Blue Note Vocal Albums

Amidst the entire Blue Note catalogue of around 350 titles, only two albums were lead by singers, both issued in 1962: one by Sheila Jordan, wife of Blue Note pianist Duke Jordan  (they separated the same year) and one by jazz singer Dodo Greene. Both albums were released in the relatively unknown 9000 series, are  stamped Van Gelder and Plastylite, on New York labels.

BN 9001 Dodo Greene: My Hour Of Need


The Dodo Greene album is often described in auction as “rare”, not uncommon for records which didn’t sell many copies. The line up includes Ike Quebec, probably my least-favourite Blue Note tenor player. However Popsike did clock up one auction where the record fetched just short of $500, and a mean auction value around $50, so it has some followers, just not many.

BN 9002 Sheila Jordan: Portrait of Sheila


The Sheila Jordan album is more commonly found. Steve Swallow, long term collaborator with Gary Burton and  Carla Bley,  appears on bass, the other players less familiar.

Jordan was a contemporary of Charlie Parker, and her scat/bebop singing was modelled on Parker’s lines, into which she introduced lyrics. Parker reportedly introduced Shiela on stage as “the singer with the million dollar ears.” Her varied recording career followed the one Blue Note, with titles for Eastwind, SteepleChase, ECM, Blackhawk and Muse. She is still  with us, age 87.

Blue Note 9000 series

The Blue Note 9000 series contained only two releases – those above – and the experiment in vocal albums was discontinued. Alfred Lion found there was no appetite for jazz singers among the regular buyers of Blue note Records.

Singers? LJC Opinion Alert!

LJC-Michael-Caine- Professor Jazz fastshow30Jazz is a form of music in which instruments are the prime vehicle of emotional expression, and a canvas for improvisation which gives free reign to those emotions, which evolve spontaneously. It is an art form requiring significant technical skill and ability to improvise in a group setting.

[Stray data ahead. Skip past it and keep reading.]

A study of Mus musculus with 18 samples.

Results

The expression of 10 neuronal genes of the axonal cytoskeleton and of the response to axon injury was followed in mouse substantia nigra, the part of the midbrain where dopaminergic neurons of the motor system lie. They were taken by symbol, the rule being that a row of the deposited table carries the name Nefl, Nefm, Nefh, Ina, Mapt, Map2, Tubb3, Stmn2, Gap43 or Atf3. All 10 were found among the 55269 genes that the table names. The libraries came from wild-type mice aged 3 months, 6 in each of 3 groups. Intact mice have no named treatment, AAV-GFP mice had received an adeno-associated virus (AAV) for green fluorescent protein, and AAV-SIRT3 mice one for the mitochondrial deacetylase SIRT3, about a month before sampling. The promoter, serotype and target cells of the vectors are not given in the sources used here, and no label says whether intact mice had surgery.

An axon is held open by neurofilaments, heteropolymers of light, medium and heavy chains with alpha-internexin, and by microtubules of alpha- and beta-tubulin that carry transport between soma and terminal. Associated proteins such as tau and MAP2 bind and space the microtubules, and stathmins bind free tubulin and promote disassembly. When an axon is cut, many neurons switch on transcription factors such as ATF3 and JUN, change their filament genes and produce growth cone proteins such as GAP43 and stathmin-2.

Song lyrics on the other hand are a pre-written narrative, story-telling, in which words (not instruments) are used to describe emotions. Songs tend to be dominated by the subject of relationships, or polemics. Music is relegated to accompaniment of the singer, who takes centre stage.

Genres like soul, folk, rhythm and  blues, and pop have a more comfortable fit with vocals. The music is a background to the lyrics.  BB King, I’ve got  sweet little angel… Bob Dylan Blowin’ in the wind, Soul –  teen dating songs, James Brown Get on up, like a fax machine. Yes, there are a lot songs about fax machines.

The early jazz repertoire often drew on standards derived from show-tunes, a launchpad for improvisation, the song merely the opening melody. Later, melody no longer lip-sync for words, but tunes in their own right.

When the jazz was in the ascendant,  singers represented less than 1% of modern jazz record releases. Jazz is a performance art with its own identity and boundaries, that separate it from pop vocal and other forms of music. With just its few exceptions, a definition of modern jazz could be, explicitly, music without vocals. 

Cabaret singers in hour-glass cocktail dresses are often referred to as “jazz”. They have their place, just not around here.